Megan Metcalf helps bring LGBTQ+ collections to light. Photo: Shawn Miller. Photo: Shawn Miller.

My Job: Megan Metcalf & LGBTQ+ at the Library


Describe your work at the Library.

A typical workday usually involves a combination of assisting researchers, working on collection development and planning or producing outreach. Librarians assist researchers in person at the Library and remotely via our Ask a Librarian service and online programming.

Outreach is a very big part of what I do. I produce events and experiences, including research talks and panels, online presentations, tours and research orientations, hands-on workshops and more. I enjoy any opportunity to share our wonderful collections, especially as part of an exhibit or pop-up display. I also regularly write for Library blogs and social media, which is a great way to raise awareness and increase engagement.

When I work on collection development, I seek out materials in a variety of formats and languages to add to the collections. In 2020, we published the first collections policy statements for LGBTQ+ studies and women’s and gender studies at the Library. This helps to further define the scope of collecting efforts in these subjects. I also create resources for researchers, which includes curating five web archive collections and several research guides.

How did you prepare for your position?

I started working in bookstores as a teenager and got my first library job as an undergrad. I earned bachelors and master’s degrees in women’s and gender studies and a master’s in library and information science from the University of Wisconsin-Milwaukee. During my time at UWM, I worked and taught in the women’s and gender studies department as well as the university library. When I finished graduate school, I worked as the instructional design librarian and women’s, gender and LGBTQ+ studies subject specialist for the UWM libraries until I moved to Washington, D.C., in August 2015.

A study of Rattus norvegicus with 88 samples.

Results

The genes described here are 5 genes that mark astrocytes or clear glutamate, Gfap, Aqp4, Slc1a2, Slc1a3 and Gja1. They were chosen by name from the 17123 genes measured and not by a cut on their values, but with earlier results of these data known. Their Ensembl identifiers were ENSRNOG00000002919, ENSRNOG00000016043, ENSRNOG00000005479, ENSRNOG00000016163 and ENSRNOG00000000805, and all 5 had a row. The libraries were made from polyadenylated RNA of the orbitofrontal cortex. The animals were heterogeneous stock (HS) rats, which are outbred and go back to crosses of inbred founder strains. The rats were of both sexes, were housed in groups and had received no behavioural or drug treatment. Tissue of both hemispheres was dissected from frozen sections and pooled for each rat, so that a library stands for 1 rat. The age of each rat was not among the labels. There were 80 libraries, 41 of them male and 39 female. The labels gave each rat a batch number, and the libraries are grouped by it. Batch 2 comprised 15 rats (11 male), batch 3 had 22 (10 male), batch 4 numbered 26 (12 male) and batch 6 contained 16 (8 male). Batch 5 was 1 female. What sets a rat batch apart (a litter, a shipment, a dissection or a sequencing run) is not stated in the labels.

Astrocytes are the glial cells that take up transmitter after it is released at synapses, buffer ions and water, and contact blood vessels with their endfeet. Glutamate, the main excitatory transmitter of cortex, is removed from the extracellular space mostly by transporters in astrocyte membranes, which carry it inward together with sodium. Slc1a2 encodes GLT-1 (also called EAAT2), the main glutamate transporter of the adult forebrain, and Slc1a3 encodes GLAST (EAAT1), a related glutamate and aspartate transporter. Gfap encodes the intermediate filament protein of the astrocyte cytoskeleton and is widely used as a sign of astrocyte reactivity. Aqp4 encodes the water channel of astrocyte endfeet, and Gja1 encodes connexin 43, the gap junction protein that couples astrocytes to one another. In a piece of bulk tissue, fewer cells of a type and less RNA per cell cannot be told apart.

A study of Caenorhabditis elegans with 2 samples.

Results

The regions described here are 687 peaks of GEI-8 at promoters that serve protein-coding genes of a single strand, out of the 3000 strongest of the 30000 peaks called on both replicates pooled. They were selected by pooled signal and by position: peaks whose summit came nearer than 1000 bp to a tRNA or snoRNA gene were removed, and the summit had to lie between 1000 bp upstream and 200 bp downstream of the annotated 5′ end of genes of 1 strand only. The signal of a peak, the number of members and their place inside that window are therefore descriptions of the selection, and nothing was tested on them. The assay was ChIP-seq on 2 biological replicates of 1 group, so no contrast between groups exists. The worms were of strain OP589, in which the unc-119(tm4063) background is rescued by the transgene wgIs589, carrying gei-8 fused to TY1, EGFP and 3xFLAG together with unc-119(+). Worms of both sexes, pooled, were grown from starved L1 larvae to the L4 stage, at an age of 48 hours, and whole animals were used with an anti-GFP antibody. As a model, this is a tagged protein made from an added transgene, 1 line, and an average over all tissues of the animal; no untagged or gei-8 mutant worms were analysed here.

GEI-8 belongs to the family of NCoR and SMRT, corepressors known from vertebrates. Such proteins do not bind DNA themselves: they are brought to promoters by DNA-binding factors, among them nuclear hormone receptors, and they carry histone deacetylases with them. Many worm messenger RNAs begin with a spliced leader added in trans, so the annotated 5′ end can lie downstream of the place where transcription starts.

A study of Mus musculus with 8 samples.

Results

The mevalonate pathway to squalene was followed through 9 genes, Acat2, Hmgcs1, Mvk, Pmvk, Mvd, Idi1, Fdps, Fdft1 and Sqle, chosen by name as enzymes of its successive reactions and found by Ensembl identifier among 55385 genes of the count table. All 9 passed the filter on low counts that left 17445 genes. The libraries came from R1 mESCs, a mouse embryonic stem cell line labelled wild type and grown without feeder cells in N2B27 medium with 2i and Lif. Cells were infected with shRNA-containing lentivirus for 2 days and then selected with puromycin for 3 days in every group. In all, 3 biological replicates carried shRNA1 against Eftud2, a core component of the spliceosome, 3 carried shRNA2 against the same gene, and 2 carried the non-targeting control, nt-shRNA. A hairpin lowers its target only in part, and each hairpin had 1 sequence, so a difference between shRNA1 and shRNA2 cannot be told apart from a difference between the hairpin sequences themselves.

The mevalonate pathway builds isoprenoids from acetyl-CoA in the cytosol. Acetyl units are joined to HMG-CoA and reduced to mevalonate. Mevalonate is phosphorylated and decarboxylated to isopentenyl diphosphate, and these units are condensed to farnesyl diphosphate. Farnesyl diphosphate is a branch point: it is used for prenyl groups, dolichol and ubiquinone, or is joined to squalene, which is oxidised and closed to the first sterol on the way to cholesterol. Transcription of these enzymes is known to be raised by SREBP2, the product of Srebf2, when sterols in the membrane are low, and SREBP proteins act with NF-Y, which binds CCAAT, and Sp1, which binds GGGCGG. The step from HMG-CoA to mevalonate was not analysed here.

What are your favorite collection items?

The Library has an impressive selection of LGBTQ+ periodicals, from the mid-20th century to present day. This includes rare early titles like The Ladder, The Mattachine Review and One magazine. Periodicals and other self-published materials provide a record of LGBTQ+ voices that otherwise wouldn’t have been preserved. It’s incredibly moving to realize that when these early magazines were published, people could have been arrested just for carrying them or sending them through the mail. Nothing moves me more than self-published materials.

What have been your most memorable experiences at the Library?

Getting to show the “Queer Eye” cast around the Library and collections in 2019 was such a thrill! In general, I love the possibility for serendipity that seems to live around every corner. Recently, I was giving a tour for LGBTQ+ historian Eric Cervini, and we just happened to run into “Atonement” author Ian McEwan with the Library’s literary director, Clay Smith. Our tours joined together for a short while, and it was so delightful and unexpected. Almost as unexpected as the time I ran into a live penguin in the Main Reading Room on World Penguin Day.